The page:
New York Magazine (Vulture)'s Scores

For 2,242 reviews, this publication has graded:
  • 46% higher than the average critic
  • 2% same as the average critic
  • 52% lower than the average critic
On average, this publication grades 0.7 points higher than other critics. (0-100 point scale)
Average Movie review score: 63
Highest review score: 100 The End of the Tour
Lowest review score: 0 Fantastic Four
Score distribution:
2242 movie reviews
  1. For In Bruges to click, McDonagh needed either to get more real or more fake.
  2. It's heartbreaking how rich this failed project is, with enough poetry for several great movies, but not enough push for one.
  3. Some of that fun is infectious. For a while. Maybe 45 minutes. But when actors look as if they’re having a better time than you are, the buzz wears off fast. You turn into a wallflower at an especially obnoxious party.
  4. Bridges redeems the clichéd role of spoiled artist-sot. He's flamboyantly entertaining, which is more than this otherwise dreary movie deserves.
  5. It's all been done before, and better.
  6. This is romanticism of a rather low order.
  7. The movie should be seen with a large, responsive audience--the better to live with it in the moment instead of worrying about where it’s going.
  8. Channing's formidably good -- a career woman in extremis -- but the movie, which was written and directed by Patrick Stettner, otherwise unfortunately resembles a product of the Neil LaBute Finishing School.
    • 67 Metascore
    • 60 Critic Score
    Ronin is well-made, but it's an act of connoisseurship for people who have given up on movies as an art form.
  9. It's tempting to praise The Ides of March as a realistic depiction of how low we've sunk. But that would mean accepting the second-rate writing and third-rate melodrama and incredible shrinking characters.
  10. Hit and miss, but its tone of lyric melancholy is remarkably sustained.
  11. Sam Rockwell plays Barris with a hipster’s shimmy that’s creepily effective -- The problem with making a movie about a hollow man is that, when things start to get heavy, you’re stuck with nothingness at the core.
  12. Suffragette is slick and efficient, but also diffuse and formless; it’ll pass the time but it fails to engage.
  13. This could be the premise of a zany comedy, but the mood of The Future is, from the outset, defeatist - annoyingly defeatist, to be frank.
  14. It's a great metaphor - but not a great movie. Jonathan Dayton and Valerie Faris direct in a drably naturalistic style, and the script is thin.
  15. A true story of courage and survival, yes. But viewing the destruction of the World Trade Center--in a film called World Trade Center--through this kind of prism represents a distinctly Hollywood brand of tunnel vision.
  16. Working in a mini-genre whose bones would appear to have been picked clean by the likes of Kevin Williamson and Wes Craven, Glosserman and Stieve find a few pints of fresh blood.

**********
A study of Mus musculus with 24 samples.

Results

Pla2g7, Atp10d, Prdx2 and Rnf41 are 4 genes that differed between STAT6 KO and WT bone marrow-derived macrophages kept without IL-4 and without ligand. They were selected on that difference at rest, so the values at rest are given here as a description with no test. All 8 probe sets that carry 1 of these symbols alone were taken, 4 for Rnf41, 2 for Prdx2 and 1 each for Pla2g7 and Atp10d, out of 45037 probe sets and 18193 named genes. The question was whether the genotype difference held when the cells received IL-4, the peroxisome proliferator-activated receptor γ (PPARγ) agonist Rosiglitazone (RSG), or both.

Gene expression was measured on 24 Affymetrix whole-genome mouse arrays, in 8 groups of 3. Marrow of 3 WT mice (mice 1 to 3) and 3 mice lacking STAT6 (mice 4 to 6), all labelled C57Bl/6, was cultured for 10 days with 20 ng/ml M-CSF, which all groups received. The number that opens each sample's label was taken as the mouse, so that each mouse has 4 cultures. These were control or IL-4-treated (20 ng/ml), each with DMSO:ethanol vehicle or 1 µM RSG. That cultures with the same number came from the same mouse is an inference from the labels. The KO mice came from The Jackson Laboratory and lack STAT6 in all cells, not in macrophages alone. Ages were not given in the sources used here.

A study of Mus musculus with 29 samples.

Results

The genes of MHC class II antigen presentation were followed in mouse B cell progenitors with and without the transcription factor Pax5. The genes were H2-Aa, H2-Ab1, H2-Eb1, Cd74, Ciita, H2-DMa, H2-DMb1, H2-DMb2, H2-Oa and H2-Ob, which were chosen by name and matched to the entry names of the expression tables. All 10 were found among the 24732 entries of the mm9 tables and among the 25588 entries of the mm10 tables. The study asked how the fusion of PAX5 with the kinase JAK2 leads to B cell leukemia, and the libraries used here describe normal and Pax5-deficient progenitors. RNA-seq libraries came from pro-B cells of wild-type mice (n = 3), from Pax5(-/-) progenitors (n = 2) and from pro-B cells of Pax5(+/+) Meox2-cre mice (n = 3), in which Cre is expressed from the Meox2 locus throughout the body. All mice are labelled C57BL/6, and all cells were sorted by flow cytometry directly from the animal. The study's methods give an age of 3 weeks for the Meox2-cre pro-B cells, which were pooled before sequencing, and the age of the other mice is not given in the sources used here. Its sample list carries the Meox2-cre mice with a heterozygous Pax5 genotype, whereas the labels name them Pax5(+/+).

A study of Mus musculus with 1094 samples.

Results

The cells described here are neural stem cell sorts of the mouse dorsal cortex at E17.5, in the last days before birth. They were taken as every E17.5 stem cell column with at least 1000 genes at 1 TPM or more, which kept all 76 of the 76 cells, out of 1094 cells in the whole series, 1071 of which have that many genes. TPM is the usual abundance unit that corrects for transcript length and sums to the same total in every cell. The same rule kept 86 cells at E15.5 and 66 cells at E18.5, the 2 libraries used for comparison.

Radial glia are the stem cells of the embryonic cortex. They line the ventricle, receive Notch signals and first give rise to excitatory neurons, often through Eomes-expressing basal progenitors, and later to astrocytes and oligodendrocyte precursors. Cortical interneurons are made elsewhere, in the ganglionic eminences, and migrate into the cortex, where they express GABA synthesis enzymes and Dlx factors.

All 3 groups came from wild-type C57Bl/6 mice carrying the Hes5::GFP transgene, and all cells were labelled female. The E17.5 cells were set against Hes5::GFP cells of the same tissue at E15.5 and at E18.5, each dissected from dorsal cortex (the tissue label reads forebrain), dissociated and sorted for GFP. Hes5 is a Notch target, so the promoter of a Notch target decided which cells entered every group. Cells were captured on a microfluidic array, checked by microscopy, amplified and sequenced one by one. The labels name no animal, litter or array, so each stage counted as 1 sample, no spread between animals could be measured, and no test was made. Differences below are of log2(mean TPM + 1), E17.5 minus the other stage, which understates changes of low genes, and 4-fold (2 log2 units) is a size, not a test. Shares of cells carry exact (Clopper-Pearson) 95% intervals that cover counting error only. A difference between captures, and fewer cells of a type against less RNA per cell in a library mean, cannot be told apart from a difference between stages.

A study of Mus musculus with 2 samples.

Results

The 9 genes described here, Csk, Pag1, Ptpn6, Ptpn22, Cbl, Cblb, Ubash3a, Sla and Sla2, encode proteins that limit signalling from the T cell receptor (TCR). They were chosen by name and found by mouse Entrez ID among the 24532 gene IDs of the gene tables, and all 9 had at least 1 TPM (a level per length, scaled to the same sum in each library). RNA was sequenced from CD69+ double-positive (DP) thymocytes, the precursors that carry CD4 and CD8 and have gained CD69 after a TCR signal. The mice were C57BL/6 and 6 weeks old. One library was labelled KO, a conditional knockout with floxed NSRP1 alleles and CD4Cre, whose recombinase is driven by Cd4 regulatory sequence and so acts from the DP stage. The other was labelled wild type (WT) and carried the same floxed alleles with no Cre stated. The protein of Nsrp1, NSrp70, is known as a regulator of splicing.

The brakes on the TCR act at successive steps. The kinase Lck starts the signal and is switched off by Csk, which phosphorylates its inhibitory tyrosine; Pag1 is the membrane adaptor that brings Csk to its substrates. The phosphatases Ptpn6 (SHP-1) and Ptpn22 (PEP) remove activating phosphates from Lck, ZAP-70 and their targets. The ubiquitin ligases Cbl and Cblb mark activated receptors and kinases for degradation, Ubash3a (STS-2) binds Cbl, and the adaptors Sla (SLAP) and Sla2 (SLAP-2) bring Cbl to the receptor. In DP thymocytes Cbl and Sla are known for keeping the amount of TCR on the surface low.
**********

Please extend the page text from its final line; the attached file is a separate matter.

17. I don’t mind the movie’s retro-ness, but I wish Mostow didn't take pulp so seriously.
  18. Though a mess by all conventional narrative standards, Avengers: Age of Ultron is a fascinating case study in the rules of “universe” storytelling. Chief among them is that a film may not be self-contained — it must constantly allude to worlds outside its own. Marvel fans want extra characters, extra subplots, in-jokes that pander to their supposed breadth of knowledge. They don’t want closure.
  19. Even in a piffle like Something’s Gotta Give, Keaton reminds us of her uncanny ability to inhabit her characters' knockabout emotions.
  20. Most of the dialogue is listless, and no matter how much Soderbergh snips and stitches, the movie is a corpse with twitching limbs.
  21. Alan Partridge awkwardly tries to wed the episodic spirit of the character with the feature-length demands of a theatrical experience. The result is a mess, but it’s got some choice bits. Even if you forget the film itself, you might find yourself quoting parts of it for years.
  22. Schrader really isn't interested in Crane except as the straw man for his moral lessons about sin and sexuality and the nature of celebrity. Auto Focus is the perfect capper to Crane's career: Even in a movie about himself, he remains minor.
  23. This is yet another of Soderbergh’s “exercises in style,” which means he has one big idea and sticks to it. He makes the space shallow and ugly (faces are bathed in orange) and adds groovy sixties titles and Marvin Hamlisch music.
  24. It’s a case of diminishing returns: gorgeous, occasionally evocative, but, in the end, mostly dull.
  25. What Hooper can’t manage is to put us inside his characters’ heads — where we should be in a story that makes every surface suspect.
  26. The tit-for-tat scenario ought to be wildly entertaining, but the magic is crude, the characters flyweight, and the story protracted and unpleasant.
  27. A spare, melancholy film that is so far in spirit from its source, Philip Roth's "The Dying Animal."
  28. It’s puffed up in obvious ways but disarmingly puckish in others. As that capering pirate, De Niro is god-awful--yet his gung-ho spirit wins him Brownie points.
  29. The movie does get under your skin (the tremulous misfit girl, Hannah, might be a breakout role model), but the way it has been put together reminds me of those animal shows where the crew nudges the gazelles in the direction of the lions with multiple cameras standing by.